Toxic Masculinity in The Sopranos

In the pilot episode of The Sopranos, protagonist Tony Soprano tells his therapist about a dream in which his penis falls off and gets carried away by a bird. Crude imagery aside, this dream pulls strongly from our cultural conception of a man’s masculinity as being tied up with his potency. Even though, in the rest of the episode, Tony does not lose his, ahem, “manhood,” he is deeply afraid that he is losing his grasp on his family. It is painful to him that he cannot by himself maintain and provide for the family he heads. To Tony Soprano, asking for help is weakness. This makes it all the more galling for Tony to find himself in a psychiatrist’s office, being written a prescription for Prozac. Here too he has failed to live up to his masculine ideal of strength, independence, and emotional stoicism.

Soprano waxes nostalgic to several other characters about the “good old days” of masculinity. He denigrates the lack of loyalty, his own emotional weakness, and the changing dynamics of both his personal and mob families. Bringing his nephew to a classic church, he opines that no one builds them like they used to. In truth, the past he is nostalgic for is a fictional, prelapsarian ideal: people have always been turncoats for police, had emotional problems, and had unstable families. It is only through his rosy retrospective glasses that Tony sees this period as beautiful and unsullied.

Like the protagonist of The Sopranos’s contemporary movie Fight Club, Tony is facing the changing world and his changing place in it, and he doesn’t like what he sees. Likewise, both of these men are already strong men in the eyes of society. Fight Club’s protagonist has a successful job and living situation, and is able to act on the physically and sexually agressive impulses that society deems “normal;” Soprano, in addition to heading his own family, heads a major crime family, indulges his sexual impulses, and is shown behaving brutally towards a debtor who couldn’t pay. However, in both these cases, these men find that it is not enough for them; they don’t have enough power.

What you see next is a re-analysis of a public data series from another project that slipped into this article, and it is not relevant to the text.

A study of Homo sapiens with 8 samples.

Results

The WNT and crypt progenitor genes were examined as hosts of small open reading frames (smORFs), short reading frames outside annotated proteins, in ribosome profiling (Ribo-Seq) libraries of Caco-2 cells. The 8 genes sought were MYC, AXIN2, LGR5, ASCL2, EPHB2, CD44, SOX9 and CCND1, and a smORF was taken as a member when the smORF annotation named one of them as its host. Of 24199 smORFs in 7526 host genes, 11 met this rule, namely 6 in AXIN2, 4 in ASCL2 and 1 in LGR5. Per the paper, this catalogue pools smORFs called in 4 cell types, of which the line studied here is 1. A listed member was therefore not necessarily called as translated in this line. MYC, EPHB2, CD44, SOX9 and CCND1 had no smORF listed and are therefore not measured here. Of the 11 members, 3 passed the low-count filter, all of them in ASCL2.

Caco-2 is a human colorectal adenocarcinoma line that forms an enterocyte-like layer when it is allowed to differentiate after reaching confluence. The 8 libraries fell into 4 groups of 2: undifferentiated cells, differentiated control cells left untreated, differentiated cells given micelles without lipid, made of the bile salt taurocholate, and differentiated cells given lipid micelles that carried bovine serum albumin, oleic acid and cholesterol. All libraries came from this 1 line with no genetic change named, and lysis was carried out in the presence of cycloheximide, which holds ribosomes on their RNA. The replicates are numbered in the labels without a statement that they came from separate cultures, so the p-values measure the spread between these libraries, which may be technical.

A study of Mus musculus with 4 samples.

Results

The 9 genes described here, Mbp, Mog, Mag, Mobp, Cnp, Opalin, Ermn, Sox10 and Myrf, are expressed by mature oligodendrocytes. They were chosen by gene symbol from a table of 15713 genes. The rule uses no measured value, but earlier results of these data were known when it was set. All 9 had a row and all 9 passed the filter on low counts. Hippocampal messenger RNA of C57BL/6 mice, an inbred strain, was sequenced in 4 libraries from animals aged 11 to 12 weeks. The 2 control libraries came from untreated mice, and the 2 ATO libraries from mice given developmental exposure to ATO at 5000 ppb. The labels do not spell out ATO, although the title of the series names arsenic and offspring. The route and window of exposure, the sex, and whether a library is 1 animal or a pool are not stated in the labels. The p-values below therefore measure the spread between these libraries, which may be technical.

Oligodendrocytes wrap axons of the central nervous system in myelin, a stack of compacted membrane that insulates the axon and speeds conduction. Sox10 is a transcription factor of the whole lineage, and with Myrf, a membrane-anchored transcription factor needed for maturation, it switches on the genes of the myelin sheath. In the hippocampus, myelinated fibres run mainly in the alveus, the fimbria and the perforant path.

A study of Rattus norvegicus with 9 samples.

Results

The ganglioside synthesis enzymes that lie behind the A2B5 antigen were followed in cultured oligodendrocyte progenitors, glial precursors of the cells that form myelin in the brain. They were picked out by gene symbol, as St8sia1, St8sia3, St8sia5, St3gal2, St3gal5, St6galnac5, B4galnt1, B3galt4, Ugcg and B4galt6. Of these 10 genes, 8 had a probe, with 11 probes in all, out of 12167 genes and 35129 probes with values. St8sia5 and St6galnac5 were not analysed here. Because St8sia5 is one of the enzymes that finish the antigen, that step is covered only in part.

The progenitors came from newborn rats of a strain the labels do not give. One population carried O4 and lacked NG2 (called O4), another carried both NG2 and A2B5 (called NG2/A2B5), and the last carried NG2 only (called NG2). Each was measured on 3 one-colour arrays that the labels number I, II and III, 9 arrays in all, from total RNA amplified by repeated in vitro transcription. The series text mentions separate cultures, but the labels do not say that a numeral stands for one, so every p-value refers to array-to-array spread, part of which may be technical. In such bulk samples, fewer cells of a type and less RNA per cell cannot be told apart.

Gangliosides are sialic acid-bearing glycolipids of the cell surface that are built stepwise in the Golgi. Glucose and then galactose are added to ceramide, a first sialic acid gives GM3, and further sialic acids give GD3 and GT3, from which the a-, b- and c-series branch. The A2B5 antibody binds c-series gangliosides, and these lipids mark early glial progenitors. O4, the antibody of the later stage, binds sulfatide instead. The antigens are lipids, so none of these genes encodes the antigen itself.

This is the damaging culture of toxic masculinity: it places unreasonable or impossible expectations on men, punishes those who fail to live up to it, and does not satisfy those that do manage to meet its requirements. It requires men to give up their vulnerability, dependence on others, and emotional understanding of themselves. In short, it requires them to give up their humanity.

Tony Soprano finds much-needed relief in his sessions with a therapist. Despite his protests that he “can’t talk to psychiatrists,” his ability to open up gives him instant relief in his life. The therapist remarks upon this, pointing out that the Prozac hadn’t had enough time to take effect yet. Even the simple act of vulnerable connection with another human being is enough to provide the relief that toxic masculinity could not.